BRE Global announced this week that it customized its BREEAM International New Construction standard for use in the U.S. The move should streamline U.S.-based BREEAM certifications and help the organization expand its presence in this country. The United Kingdom-based BRE rolled out its In-Use standard in the U.S. in 2016.
The "Americanized" version of the standard was developed in partnership with design and engineering firm HOK and includes adaptations that take into consideration the variations in building codes, best practices and industry standards from region to region across the country.
The new U.S. standard, which has spent the last year in development, also provides for the certification of "non-standard" buildings with uncommon configurations or in unusual locations.
BRE first announced its collaboration with HOK to develop the new construction standard last June. As a component of the partnership, HOK piloted the new program with some of its existing clients.
According to BRE, BREEAM has more certifications than any other green building rating system in the world, and, since the summer of 2016, has been utilized in the U.S. market. The organization began its U.S. certification business with its In-Use standard, which allows owners of existing buildings to do a sustainability self-assessment and then provides them with information on how to address any issues they find or how to improve green aspects of their buildings.
Earlier this month, BRE announced an update to the In-Use standard — an assessment and certification process for existing U.S. residential and multifamily properties. Previously, the In-Use certification was available only for commercial properties. The first U.S. project to be certified under the In-Use standard was The Oaks mall in Thousand Oaks, California, after the owners of the property gave it a green facelift consisting of features like solar panels, LED lighting, a new and more efficient HVAC system and a mixed recycling system.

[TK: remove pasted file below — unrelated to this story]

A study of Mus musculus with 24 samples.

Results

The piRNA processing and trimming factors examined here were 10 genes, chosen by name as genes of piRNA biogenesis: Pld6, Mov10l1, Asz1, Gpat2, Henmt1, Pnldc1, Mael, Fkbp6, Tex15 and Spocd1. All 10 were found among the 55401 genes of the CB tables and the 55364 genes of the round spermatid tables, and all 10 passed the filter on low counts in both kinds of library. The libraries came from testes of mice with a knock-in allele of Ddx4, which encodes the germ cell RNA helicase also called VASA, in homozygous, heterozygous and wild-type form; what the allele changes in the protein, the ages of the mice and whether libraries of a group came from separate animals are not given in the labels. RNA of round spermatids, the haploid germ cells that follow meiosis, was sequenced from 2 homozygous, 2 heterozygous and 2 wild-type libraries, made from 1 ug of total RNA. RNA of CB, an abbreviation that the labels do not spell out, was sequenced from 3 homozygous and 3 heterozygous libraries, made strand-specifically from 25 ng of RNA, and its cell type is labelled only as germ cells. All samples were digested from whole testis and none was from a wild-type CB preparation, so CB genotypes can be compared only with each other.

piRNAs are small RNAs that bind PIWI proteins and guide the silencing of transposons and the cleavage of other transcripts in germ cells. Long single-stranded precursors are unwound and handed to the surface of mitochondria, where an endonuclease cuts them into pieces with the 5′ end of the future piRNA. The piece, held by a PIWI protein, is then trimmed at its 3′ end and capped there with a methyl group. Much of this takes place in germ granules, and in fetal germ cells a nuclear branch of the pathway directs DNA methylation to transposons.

LEED probably still is the green certification that U.S. developers and contractors think of first when determining sustainability goals for a project but, in addition to BREEAM, there are other green certifications that are gaining traction.
For instance, Green Building Initiative’s (GBI) Green Globes program certified more than 1,300 buildings as of the end of 2018. The system was first based on the 1996 BREEAM Canada standard and developed from there. Like BREEAM, Green Globes certification starts with a self-assessment, with a score based on factors like energy performance, project management and emissions. After the building's score is evaluated by a third party, GBI provides guidance for owners on how to help their buildings live up to their green potential.